Cornland School is historically significant as one of the earliest efforts in Virginia to formally educate African American children not long after the Civil War. It is believed to be the only pre-Rosenwald school still standing in the Tidewater region. Rosenwald schools were the product of an early 20th-century collaboration between Julius Rosenwald and Booker T. Washington. At its conclusion in 1932, the school construction program built nearly 5,000 schools throughout the south. Part of Cornland School’s rich legacy is that it was built with support from the surrounding black community with very little, if any, support from others.
Cornland School was initially established by formerly-enslaved people, not long after emancipation. Historic records indicate that there were three schools for black children in the Pleasant Grove District of Norfolk County (now Chesapeake) as early as 1871. Through the years, Cornland School was built, rebuilt, and sustained operations until the early 1950s.
During and after the Civil War, some of the earliest Virginia schools for black students were in people's homes or churches. At that time, structures constructed to be schools probably looked like Cornland School. They were simple frame buildings, often strategically placed so that the sun came in the east and west windows because there was no electricity. There was also no running water.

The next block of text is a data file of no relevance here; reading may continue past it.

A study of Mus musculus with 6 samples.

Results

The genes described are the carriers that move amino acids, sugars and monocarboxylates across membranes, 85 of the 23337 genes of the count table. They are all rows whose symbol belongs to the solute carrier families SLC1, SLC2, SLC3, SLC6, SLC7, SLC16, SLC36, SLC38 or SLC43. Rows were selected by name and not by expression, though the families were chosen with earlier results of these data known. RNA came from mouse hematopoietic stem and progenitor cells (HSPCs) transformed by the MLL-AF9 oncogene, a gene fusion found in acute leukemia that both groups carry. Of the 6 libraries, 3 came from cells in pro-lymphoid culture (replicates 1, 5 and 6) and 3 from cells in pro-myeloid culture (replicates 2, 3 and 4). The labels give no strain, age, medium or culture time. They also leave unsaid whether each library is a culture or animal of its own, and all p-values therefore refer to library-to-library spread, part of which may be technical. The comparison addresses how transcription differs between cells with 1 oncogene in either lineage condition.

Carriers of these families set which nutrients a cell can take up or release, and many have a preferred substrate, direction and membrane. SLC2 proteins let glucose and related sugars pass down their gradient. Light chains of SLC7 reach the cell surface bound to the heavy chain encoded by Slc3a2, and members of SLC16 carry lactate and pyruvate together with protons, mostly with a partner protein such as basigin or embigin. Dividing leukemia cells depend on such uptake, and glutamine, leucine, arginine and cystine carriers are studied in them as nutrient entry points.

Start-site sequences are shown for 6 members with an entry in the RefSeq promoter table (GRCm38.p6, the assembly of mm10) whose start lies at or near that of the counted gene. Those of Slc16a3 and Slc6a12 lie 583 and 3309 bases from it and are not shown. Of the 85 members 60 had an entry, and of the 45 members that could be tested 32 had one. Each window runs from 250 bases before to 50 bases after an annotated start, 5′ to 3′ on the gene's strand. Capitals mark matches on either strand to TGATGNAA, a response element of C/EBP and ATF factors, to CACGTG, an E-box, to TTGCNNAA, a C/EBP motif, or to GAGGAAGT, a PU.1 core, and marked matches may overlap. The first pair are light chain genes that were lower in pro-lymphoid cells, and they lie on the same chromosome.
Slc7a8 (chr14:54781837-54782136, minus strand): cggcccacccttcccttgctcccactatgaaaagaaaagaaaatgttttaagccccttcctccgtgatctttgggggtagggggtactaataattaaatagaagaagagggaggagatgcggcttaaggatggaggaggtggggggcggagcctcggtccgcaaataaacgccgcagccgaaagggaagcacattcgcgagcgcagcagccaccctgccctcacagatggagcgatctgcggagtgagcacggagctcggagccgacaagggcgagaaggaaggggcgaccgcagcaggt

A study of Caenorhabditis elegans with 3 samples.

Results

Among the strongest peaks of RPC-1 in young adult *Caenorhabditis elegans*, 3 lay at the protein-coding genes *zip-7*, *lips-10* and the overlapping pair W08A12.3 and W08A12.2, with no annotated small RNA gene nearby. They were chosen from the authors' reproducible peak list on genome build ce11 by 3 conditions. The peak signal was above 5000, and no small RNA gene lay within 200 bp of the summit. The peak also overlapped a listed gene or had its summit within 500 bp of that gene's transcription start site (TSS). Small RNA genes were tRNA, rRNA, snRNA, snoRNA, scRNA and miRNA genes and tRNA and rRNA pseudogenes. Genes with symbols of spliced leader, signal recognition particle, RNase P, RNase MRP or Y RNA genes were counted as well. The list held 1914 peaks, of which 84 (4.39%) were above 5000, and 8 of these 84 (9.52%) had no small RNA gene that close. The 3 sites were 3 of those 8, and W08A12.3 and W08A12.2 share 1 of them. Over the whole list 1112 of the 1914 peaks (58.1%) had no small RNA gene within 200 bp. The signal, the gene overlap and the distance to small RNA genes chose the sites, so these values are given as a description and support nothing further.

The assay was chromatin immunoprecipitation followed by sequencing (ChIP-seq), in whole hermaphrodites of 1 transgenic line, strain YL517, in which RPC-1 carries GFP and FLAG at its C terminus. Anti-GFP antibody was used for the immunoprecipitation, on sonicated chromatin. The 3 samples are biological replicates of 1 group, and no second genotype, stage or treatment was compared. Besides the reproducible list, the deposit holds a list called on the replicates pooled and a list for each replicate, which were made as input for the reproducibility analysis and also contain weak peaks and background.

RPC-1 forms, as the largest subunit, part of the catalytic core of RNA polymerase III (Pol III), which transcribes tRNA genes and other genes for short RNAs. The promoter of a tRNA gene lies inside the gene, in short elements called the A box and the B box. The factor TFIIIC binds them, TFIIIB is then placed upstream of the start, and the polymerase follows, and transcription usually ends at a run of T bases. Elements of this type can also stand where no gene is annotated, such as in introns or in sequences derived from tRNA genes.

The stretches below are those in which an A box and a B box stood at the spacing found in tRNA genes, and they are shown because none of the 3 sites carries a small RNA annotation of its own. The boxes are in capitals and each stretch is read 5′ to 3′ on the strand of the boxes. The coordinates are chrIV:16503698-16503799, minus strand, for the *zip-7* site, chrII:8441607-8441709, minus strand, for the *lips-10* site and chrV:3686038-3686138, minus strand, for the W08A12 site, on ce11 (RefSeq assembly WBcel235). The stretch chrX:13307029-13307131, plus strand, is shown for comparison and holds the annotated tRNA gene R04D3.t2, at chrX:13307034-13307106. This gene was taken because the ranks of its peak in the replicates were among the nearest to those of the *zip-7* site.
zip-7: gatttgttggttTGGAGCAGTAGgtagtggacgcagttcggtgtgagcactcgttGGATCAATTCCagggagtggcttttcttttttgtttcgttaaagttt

The one-room schoolhouse that stands today was built in 1902. Cornland School operated from 1903 until 1952. One teacher was responsible for teaching children of varying ages, for grade one through grade seven, all in one room. There was a potbelly stove in the center of the room. Children helped build a fire for heating and cooking. School alumni shared memories of the teacher cooking a pot of beans, or whatever they had, to serve the students lunch.
Today, the Cornland School Foundation works diligently to preserve and showcase the history and culture of African American early education in Chesapeake, the Hampton Roads region, the state, and the nation. The schoolhouse is on the National Register of Historic Places and the Virginia Landmarks Register.
On Friday, August 6, 2021, the one-room Cornland School traveled from its original site at 2309 Benefit Road to its new home at 5221 Glencoe Street. The building made this 6.4-mile journey in the name of preservation. Previously, the school suffered from rising waters, unruly plants, and destructive wildlife. Now at Glencoe, Cornland will transform. When the renovation of the school is complete, the building will open to the public as part of a Historic Village. The restored Cornland School will illustrate the legacy of Black education in Hampton Roads from the Reconstruction Era through the dawn of the Civil Rights Era.
There is limited on-street parking at Cornland School. Please note, restoration of Cornland School is currently underway. There is no public access to the building or property at this time.
More on the African American Heritage Trail
Explore the full list of Chesapeake's African American Heritage Trail locations.